Anti-war essays, poems, short stories and literary excerpts

British writers on peace and war

James Montgomery: Selections on war and peace


James Montgomery
From M.S.
To the memory of a female whom sickness had reconciled to the notes of sorrow

What is the Poet’s highest aim,
His richest heritage of fame? –
– To track the warrior’s fiery road,
With havoc, spoil, destruction strew’d,
While nations bleed along the plains,
Dragg’d at his chariot-wheels in chains?

– With fawning hand to woo the lyre,
Profanely steal celestial fire,
And bid an idol’s altar blaze
With incense of unhallow’d praise?
– With syren strains, Circean art,
To win the ear, beguile the heart,
Wake the wild passions into rage,
And please and prostitute the age!

NO! – to the generous bard belong
Diviner themes and purer song…


From The Mole-Hill

Yon gloomy ruffian, gash’d and gored,
Was he, whose fatal skill
First beat the plough-share to a sword,
And taught the art to kill?

Behind him skulks a shade, bereft
Of fondly worshipt fame;
He built the Pyramids, but left
No stone to tell his name.



Abominable harpies, spare the dead.
– We only clear the field which man has spread;
On which should Heaven its hottest vengeance rain?
You slay the living, we but strip the slain.


From The Lyre

“That which Alexander sigh’d for,
That which Caesar’s soul possess’d.
That which heroes, kings, have died for –
Glory! – animates my breast:
Hark! the charging trumpets’ throats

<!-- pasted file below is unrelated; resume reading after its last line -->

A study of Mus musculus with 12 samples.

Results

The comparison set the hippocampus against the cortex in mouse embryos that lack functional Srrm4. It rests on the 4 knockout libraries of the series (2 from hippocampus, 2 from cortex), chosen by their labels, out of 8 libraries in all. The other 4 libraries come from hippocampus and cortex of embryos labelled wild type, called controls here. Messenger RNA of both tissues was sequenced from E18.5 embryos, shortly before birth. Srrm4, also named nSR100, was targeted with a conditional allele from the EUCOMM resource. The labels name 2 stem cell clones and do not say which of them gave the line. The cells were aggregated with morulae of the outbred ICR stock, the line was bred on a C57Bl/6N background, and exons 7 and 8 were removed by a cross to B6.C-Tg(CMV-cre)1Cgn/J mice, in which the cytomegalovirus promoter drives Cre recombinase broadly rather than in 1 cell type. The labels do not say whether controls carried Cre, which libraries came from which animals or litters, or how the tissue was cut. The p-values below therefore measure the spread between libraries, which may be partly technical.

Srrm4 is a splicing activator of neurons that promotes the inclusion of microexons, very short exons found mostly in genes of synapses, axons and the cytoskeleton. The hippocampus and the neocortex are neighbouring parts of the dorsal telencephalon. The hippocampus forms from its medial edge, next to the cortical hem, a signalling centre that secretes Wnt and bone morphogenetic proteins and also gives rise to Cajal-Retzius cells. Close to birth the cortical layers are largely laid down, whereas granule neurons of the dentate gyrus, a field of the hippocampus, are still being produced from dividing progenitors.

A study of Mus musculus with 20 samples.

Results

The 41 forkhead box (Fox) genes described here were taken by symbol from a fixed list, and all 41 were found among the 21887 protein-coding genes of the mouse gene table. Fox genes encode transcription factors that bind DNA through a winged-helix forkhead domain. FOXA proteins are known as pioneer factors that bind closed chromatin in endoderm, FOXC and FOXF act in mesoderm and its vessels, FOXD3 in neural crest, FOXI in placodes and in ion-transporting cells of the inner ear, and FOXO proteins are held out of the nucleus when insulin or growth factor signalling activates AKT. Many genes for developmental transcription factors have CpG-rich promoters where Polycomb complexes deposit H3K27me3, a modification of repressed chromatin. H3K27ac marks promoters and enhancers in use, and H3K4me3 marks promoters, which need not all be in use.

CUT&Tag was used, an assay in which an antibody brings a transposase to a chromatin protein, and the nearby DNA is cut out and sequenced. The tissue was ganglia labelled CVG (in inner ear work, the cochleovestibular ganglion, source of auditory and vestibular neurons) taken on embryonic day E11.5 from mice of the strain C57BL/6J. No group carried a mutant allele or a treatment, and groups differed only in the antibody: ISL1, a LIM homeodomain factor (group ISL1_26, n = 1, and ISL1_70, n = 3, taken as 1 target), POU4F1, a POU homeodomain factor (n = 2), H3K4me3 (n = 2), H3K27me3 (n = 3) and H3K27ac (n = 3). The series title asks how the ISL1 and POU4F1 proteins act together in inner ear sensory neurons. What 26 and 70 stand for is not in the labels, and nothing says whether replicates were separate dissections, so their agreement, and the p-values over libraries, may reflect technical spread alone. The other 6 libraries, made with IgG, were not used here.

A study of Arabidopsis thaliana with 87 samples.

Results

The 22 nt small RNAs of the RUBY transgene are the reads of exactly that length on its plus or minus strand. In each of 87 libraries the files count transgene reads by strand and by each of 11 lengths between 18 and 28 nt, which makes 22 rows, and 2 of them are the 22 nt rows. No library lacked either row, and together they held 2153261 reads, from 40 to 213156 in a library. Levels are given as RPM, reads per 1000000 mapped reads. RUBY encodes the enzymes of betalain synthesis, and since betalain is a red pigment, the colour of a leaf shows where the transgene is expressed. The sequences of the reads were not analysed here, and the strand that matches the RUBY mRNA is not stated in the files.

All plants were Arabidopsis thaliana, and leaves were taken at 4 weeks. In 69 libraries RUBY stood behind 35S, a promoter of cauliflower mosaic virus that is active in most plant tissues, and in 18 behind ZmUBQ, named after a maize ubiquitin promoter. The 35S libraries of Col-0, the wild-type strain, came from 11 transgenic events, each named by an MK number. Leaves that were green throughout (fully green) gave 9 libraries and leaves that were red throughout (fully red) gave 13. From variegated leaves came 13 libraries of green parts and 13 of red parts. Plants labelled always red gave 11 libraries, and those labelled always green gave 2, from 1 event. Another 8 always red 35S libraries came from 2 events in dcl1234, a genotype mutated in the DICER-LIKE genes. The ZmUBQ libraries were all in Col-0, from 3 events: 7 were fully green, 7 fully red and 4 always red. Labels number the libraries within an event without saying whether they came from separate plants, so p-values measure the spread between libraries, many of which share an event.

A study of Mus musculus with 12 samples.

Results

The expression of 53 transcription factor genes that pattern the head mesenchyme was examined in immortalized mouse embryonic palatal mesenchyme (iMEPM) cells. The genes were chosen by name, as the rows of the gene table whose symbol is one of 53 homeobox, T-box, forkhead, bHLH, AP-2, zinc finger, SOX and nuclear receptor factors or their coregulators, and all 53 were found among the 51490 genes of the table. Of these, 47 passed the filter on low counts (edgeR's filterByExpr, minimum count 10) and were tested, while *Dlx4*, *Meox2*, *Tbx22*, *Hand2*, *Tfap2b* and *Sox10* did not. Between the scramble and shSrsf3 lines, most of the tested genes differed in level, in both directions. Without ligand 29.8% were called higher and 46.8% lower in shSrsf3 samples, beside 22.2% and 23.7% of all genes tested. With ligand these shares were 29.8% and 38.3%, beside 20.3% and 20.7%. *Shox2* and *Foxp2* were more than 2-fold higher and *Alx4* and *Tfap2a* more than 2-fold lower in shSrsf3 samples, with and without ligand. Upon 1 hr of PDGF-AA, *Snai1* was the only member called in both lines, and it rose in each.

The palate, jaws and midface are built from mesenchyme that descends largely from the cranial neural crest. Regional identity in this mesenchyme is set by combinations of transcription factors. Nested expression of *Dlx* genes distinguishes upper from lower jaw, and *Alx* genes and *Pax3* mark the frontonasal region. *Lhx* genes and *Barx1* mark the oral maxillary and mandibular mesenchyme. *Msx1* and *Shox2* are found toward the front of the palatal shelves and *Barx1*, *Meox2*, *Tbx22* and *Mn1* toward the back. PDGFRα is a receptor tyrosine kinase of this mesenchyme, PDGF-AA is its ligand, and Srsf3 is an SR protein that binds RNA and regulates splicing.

Pour their death-defying notes;
‘To arms!’ they call: to arms I fly,
Like Wolfe to conquer, and like Wolfe to die.

“Soft! – the blood of murdered legions
Summons vengeance from the skies;
Flaming towns and ravaged regions,
All in awful judgment rise. –
O then, innocently brave,
I will wrestle with the wave;
Lo! Commerce spreads the daring sail,
And yokes her naval chariots to the gale.

“Blow, ye breezes! – gently blowing,
Waft me to that happy shore,
Where, from fountains ever flowing,
Indian realms their treasures pour;
Thence returning, poor in health,
Rich in honesty and wealth,
O’er thee, my dear paternal soil,
I’ll strew the golden harvest of my toil.

“Then shall Misery’s sons and daughters
In their lowly dwellings sing:
Bounteous as the Nile’s dark waters,
Undiscover’d as their spring,
I will scatter o’er the land
Blessings with a secret hand;
For such angelic tasks design’d,
I give the lyre and sorrow to the wind.”